Thursday, June 16, 2011

Books Books Books

            This morning I noticed that the backing to the bookcase in my children’s bedroom had separated from the case itself. Books had begun to slide between the shelves and the back. So I took out my trusty tool kit and proceeded to empty the bookcase and reinforce the backing. The boys’ school is having a book swap this week so I figured this would be the perfect time to weed out a few volumes we never look at anymore. Big mistake. Not because I did a bad job of it. I can be pretty handy with a hammer when I need to be. No, my mistake was thinking I could clean out the bookcase without stopping time and again to pour over so many wonderful books.
            We read to our kids every night. They’re into some pretty substantial chapter books right now. Owen is in the middle of the Inheritance series by Christopher Paolini and James is on book three of the Harry Potter series (we’ll probably take a break from it because the series is about to get a little too dark for my little guy). While I was cleaning out the book case I realized I couldn’t remember the last time I read Goodnight Moon or Mr. Brown Can Moo, Can You?.
            I’ll admit I’m not the perfect mom when it comes to playing with my kids. Yes, I’ve played my share of Candy Land, Chutes and Ladders, and Monopoly Junior. But I usually wished I was doing something else. Games aren’t my thing. I love it when the kids ask me to take out art supplies and get crafty. But by far my favorite thing to do with my boys is to read aloud to them. There have been rainy days when I read until I was hoarse. But not lately.
            These days, they can read picture books to themselves. I can hear them at night, getting out of bed to bring book after book into their beds. Occasionally I have to go upstairs and remind them it’s getting late and they need to be up early for school the next day. I feel like a bit of a hypocrite. I can’t sleep without spending a good chunk of time with a book myself. My husband sometimes has to remind me that it’s getting late so I’ll grudgingly finish the page I’m on and turn out the light.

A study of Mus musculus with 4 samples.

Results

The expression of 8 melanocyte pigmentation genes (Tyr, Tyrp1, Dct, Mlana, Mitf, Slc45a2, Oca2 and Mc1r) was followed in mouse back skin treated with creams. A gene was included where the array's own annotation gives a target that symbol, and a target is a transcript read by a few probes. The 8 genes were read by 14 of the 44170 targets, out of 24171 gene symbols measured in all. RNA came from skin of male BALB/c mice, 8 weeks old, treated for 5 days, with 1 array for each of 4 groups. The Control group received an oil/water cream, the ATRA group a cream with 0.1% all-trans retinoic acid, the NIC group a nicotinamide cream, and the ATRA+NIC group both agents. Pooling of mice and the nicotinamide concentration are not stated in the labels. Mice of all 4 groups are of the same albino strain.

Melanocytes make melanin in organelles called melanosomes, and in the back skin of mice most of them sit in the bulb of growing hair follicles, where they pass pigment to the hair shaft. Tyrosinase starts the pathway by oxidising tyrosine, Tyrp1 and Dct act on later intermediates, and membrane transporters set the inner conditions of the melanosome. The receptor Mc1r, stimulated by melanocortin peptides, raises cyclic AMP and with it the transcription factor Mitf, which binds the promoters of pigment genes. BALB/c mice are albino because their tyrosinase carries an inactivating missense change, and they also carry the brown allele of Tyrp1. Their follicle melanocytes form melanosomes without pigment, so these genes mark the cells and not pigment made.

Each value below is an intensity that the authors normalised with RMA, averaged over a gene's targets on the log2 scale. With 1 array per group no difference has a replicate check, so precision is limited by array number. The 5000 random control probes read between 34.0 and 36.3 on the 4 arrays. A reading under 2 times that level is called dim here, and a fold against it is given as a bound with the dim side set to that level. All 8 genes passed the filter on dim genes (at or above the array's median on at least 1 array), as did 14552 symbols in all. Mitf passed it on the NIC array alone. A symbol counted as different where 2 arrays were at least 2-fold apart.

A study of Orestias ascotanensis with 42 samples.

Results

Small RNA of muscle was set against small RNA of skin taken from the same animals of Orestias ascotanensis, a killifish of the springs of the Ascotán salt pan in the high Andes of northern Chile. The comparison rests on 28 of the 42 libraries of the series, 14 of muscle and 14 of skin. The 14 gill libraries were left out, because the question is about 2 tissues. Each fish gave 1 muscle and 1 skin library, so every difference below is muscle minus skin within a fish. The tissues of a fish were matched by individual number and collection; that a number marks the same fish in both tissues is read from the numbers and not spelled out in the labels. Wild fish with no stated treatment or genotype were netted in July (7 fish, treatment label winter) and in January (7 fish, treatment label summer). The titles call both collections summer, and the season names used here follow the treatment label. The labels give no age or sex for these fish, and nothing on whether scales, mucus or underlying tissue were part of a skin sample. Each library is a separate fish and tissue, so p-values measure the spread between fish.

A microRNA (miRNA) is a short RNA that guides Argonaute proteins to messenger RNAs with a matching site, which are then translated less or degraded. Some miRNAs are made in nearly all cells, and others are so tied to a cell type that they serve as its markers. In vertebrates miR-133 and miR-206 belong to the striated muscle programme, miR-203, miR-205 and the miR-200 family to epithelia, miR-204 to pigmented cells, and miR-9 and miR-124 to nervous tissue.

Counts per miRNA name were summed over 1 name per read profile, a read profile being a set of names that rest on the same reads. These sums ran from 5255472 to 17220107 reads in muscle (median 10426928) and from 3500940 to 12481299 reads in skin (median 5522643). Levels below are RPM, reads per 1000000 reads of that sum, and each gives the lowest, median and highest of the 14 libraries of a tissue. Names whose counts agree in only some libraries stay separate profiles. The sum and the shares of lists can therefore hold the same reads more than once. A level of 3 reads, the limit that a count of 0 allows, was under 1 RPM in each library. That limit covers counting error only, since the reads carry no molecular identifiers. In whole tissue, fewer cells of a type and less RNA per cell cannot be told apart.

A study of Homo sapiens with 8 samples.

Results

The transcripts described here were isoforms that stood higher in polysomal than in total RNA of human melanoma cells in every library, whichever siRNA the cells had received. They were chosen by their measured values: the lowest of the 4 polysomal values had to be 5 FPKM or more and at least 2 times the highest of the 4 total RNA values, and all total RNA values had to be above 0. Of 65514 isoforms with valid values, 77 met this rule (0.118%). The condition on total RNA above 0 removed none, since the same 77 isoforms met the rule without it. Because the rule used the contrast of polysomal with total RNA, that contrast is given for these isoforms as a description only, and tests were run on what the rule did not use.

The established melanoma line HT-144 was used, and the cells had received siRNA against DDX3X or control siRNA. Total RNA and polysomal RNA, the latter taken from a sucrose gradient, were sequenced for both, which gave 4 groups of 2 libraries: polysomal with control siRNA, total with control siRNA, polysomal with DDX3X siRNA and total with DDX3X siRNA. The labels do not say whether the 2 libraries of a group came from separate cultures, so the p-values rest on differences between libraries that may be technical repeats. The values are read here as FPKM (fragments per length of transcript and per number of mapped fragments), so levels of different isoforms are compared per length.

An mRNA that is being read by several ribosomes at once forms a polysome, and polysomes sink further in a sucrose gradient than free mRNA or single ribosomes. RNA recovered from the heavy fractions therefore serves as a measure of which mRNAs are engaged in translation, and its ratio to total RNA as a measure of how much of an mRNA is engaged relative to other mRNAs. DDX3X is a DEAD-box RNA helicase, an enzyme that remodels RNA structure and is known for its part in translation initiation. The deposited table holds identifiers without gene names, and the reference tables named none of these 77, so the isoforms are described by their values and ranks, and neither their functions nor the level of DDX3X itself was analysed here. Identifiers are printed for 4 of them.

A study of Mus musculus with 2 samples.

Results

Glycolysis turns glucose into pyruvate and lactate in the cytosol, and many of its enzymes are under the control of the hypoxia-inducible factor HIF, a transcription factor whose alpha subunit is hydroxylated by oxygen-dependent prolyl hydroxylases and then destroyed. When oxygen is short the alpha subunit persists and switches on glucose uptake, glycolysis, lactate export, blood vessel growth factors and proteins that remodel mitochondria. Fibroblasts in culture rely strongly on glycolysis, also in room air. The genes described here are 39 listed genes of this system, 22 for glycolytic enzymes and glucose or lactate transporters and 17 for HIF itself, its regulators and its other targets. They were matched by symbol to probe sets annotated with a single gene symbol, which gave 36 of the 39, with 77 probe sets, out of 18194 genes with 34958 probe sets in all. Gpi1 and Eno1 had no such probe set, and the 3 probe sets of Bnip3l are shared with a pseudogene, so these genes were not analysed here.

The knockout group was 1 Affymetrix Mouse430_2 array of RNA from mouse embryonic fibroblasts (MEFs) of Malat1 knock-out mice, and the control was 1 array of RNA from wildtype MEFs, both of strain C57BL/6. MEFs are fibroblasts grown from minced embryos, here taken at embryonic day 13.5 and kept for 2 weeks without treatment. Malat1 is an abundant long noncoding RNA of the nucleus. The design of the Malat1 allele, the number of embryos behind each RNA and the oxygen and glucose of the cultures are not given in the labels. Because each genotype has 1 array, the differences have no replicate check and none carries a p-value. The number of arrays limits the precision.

Maybe it’s normal that the end of the school year is making me sentimental. Everywhere I turn there are signs that my little boys are growing up.  I love that they’re gaining a little independence and I am absolutely thrilled that they love to read on their own. But going through that bookcase made me sentimental for hours we spent reading together. These are some of the books I’m going to miss the most.

Virginia Lee Burton wrote Mike Mulligan and his Steam Shovel in 1939. Who would think that a tale about a steam powered machine would still be capturing the attention of children in the 21st century.  My boys couldn’t get enough of it. Talk about a classic!

Dinosaur and Ship Ahoy! by Peter Sis were read so many times I had to buy new copies. Sis uses simple, brightly colored illustrations and only a few words of text so we could tell the story our way. Sometimes I could even get the boys to “read” these ones to me.

If You Give a Moose a Muffin and it's many "sister" books.

The original was so… well… original and the subsequent stories seem formulaic to an adult, but kids gobble them up like a mouse with a cookie.

Yes, Margaret Brown's Goodnight Moon is the classic that we’ve all memorized but The Run Away Bunny is the perfect book to read while snuggling up with your little bunny.

First of all, Owen’s Marshmallow Chick by Christopher Henkes is about a boy (okay, a mouse) named Owen who has a special relationship with his blanket. For that reason alone we'd read it in this house. Secondly, it’s just plain adorable as Owen gobbles up everything in his Easter basket except for his marshmallow chick which earns a special place in Owen's heart. I suppose it’s an Easter time story but it got year round attention from us. We didn’t have as much luck with Henkes’ original story Owen. You can read about that experience here.

            The Curious George books by Margaret and H.A. Rey are brilliant and my little boy James (who is often called Monkey by his mother) loves and relates to George. I bet a lot of other kids do too. This is another character who has been around for ages but never goes out of style.

            You just have to read The Pigeon Finds a Hot Dog by Mo Willems for yourself—preferably out loud using silly voices. Mo Willems is a writer for Sesame Street. The man knows what kids like. There are a few Pigeon books and this one is my favorite.

Gerald McDermott writes and illustrates books based on folktales from all over the world. The Arrow to the Sun was Owen’s favorite for years. It is a Pueblo Indian Tale about a boy who discovers he is the son of a god. He goes on a quest to prove himself to his father and brings joy to the people of earth. By the time Owen was in kindergarten, he could recite every word. We also love McDermott’s Anansi the Spider and Zomo the Rabbit.

            So if you see me out and about this summer and I look a little blue, ask me to read Fox in Sox to your toddler. It will make both our days. What are your kids’ favorite books? If they’ve started reading, what are they reading this summer?